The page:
Every year, hundreds of women in the United States die during pregnancy, with more than 60% of these women’s deaths being preventable, according to the Centers for Disease Control and Prevention (CDC). The inconvenient truth is that racial disparities exist in these numbers. USA TODAY’s recent article titled “Without an ‘ounce of empathy’: Their stories show the dangers of being Black and pregnant” delved into the racism that continues to pervade the healthcare industry, specifically as applied to Black pregnant women.
A medical professional with racist biases, whether overt or unconscious, can cost a Black pregnant woman her life. USA TODAY referred to the aforementioned CDC reports highlighting the fact that education and income level do not have any impact on these tragedies, with college-educated Black women still being 5.2 times more likely to die during pregnancy than white women. For every 100,000 live births, 41 Black women die compared to 13 white women, and the mortality rate for Black infants is twice as high as that of non-Hispanic white mothers’ babies, according to the CDC. These statistics are heartbreaking, and something needs to be done about it.
The cause behind these statistics — as USA TODAY quoted an assistant professor of obstetrics, gynecology, and reproductive biology at Harvard Medical School, Dr. Neel Shah — is racism, not a difference in biology between races. Supporting this statement, USA TODAY provided multiple reports from Black women and the horrors they faced in hospitals, as they are often ignored by medical staff and doctors. Their self-reported symptoms, which should be attentively listened to and addressed, fall on unconsciously or consciously racist ears only to be minimized and ignored.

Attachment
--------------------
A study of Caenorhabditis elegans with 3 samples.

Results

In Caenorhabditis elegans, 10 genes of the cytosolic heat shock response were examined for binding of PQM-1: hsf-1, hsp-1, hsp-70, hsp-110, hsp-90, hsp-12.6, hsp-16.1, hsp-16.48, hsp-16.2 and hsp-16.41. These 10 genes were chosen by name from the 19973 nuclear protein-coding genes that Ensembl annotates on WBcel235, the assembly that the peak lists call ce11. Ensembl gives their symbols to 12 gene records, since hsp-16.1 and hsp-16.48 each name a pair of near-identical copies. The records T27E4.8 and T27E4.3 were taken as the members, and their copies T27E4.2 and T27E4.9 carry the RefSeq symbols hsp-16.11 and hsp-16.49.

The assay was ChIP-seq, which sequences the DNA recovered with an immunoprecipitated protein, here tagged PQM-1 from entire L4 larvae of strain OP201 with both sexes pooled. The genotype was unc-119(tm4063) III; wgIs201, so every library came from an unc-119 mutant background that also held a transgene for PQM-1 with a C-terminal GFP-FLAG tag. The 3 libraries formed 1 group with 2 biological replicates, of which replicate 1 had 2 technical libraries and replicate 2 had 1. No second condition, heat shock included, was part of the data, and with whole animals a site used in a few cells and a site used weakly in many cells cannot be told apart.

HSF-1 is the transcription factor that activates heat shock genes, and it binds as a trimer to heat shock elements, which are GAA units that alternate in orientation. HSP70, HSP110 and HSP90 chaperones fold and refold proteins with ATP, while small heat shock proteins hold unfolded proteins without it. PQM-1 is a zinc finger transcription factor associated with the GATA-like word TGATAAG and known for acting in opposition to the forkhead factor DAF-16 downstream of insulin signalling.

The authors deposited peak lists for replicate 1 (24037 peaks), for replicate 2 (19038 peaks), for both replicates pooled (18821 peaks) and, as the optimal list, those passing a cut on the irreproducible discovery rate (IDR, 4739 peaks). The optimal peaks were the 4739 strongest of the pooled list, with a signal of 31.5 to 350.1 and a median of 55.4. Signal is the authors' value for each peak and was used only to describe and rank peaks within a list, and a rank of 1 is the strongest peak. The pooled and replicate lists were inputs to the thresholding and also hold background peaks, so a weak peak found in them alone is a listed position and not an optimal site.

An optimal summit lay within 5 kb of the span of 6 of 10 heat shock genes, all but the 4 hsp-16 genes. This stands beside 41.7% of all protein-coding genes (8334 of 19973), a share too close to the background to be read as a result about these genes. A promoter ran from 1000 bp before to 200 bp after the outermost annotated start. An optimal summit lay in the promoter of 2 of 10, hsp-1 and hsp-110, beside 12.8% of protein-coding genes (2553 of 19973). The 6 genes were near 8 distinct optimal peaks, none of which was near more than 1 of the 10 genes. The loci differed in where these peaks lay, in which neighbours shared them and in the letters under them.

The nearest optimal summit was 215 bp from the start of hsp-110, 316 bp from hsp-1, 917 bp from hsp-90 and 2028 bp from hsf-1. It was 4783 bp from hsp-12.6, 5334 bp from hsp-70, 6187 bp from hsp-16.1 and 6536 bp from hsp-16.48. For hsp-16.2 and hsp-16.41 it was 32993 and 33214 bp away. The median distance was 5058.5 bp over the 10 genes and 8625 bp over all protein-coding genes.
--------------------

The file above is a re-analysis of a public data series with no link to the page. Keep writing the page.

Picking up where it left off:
USA TODAY cited multiple examples: Even accomplished and renowned tennis player Serena Williams’ symptoms and health concerns were ignored by hospital staff. Despite her history of blood clots and warning signs of pulmonary embolism, she was denied a CT scan and told that she was merely confused. When she finally did get a CT scan, she learned that she was, in fact, experiencing the pulmonary embolism she was telling the nurse about. Sadly, other Black women did not eventually receive the medical treatment they required, losing their babies or their own lives.
We Can Fix This Disparity
Fortunately, there are efforts to combat racism in the healthcare industry. According to USA TODAY, the states of New York and New Jersey both signed initiatives and, more importantly, expanded Medicaid coverage to cover doulas. New York even set aside millions of dollars to fight this issue. These actions can greatly help get rid of the disparity in the United States, so other states should follow suit.
Because of the healthcare system’s pervasive racism, Black women interviewed by USA TODAY highlighted how extremely vital it is to be your own advocate when a medical professional ignores you. However, just because advocating for yourself is recommended, that does not mean you are at fault if these medical professionals mistreat you. Medical professionals should respect and listen to their patients; by law, minimizing and altogether ignoring symptoms is a form of malpractice that they can be held liable for.
You do not have to advocate for yourself alone. Brown & Barron, LLC can help you in your fight for your rights. Our attorneys have fought for the victims of malpractice committed by medical professionals and have more than 75 years of combined experience. We have a proven track record of success, recovering millions of dollars for our clients through our aggressive, determined representation. Having a child is one of life’s great joys; no person should have to suffer preventable injuries because of the color of their skin. Let us help you hold negligent parties accountable.
To speak to an experienced lawyer, call Brown & Barron, LLC today at (410) 547-0202.